Call for doubling of SMP rate

Maternity Action and Unison are calling for the statutory maternity pay rate to be doubled to bring it in line with the minimum wage as a survey shows new mums are skipping meals to make ends meet.

Statutory Maternity Pay

 

The government should increase the rate of statutory maternity pay (SMP) to £364.70 a week so new mothers are not forced back to work too early, according to UNISON and Maternity Action.

Both organisations are concerned some women are cutting short their maternity leave, skipping meals and making other difficult choices because they cannot afford to live on the current statutory weekly amount of £172.48.

UNISON and Maternity Action are urging ministers to more than double the payment at the very least so women receive the equivalent of the national minimum wage of £10.42 an hour.

A recent survey by Maternity Action on behalf of UNISON shows a quarter of women on maternity leave say they have gone without eating – sometimes all day – so they can afford to feed their families.

Eating their children’s leftovers, brushing their own teeth to suppress hunger pangs, surviving on toast some days and relying on friends and family for food parcels are among the measures new mothers are resorting to, according to the survey.

The findings, released to coincide with UNISON’s annual women’s conference in Brighton this week, also show financial pressures are forcing new mothers to return to work sooner than they intended.

The survey, based on the responses of 1,400 mothers in the UK who had taken maternity leave, shows nearly half (49%) of the women said they were buying less-healthy food to save money. More than a third (35%) were skipping meals or having smaller portions.

One in 20 (5%) said they had occasionally not eaten all day to reduce spending on food as they were so concerned about rising living costs.

UNISON and Maternity Action say the findings show the health consequences of not eating properly. For example, one woman said she was prescribed medication after becoming anaemic through skipping meals. Maternity Action says stress during pregnancy puts women at increased risk of post-natal depression and other mental health conditions.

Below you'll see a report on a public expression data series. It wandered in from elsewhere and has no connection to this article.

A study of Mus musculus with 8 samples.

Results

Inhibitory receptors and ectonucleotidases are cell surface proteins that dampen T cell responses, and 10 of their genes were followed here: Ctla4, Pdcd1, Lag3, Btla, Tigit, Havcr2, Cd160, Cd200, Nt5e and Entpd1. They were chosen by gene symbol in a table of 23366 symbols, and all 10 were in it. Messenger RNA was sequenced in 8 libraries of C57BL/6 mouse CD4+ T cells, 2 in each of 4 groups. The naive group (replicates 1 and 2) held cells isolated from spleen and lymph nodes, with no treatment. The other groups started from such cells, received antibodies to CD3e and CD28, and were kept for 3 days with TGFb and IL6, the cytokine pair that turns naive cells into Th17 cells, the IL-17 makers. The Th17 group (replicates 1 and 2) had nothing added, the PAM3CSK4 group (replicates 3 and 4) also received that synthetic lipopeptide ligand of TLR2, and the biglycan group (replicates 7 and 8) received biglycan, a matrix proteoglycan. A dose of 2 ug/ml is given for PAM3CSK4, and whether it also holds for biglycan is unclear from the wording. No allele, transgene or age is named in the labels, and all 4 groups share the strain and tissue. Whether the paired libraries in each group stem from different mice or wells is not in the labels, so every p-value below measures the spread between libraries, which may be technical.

Results from the survey show more than seven in 10 (71%) women said they worried ‘a lot’ about money during their pregnancy or maternity leave.

Financial pressures forced more than half (58%) of new mothers to return to work before they were ready. Some had cut their leave to as little as six months because of money worries.

To save money, women responding to the survey said they had reduced the hours their heating was on – 70% had turned down their thermostat and 55% the heating in some rooms.

Women said this led to problems with damp, mould and resulting health problems such as respiratory issues. They also worried about keeping their new babies warm enough.

UNISON general secretary Christina McAnea said: “Everyone is feeling the impact of escalating living costs. But it’s hitting new mums particularly hard.

“No mother should have to go without food or skip meals. But the failure of maternity pay to keep up with increasing living costs is driving many pregnant workers and new mothers into severe financial hardship.

“The government is effectively forcing many women to choose between work and family. They must raise maternity leave pay to ensure no one is penalised for having a baby.”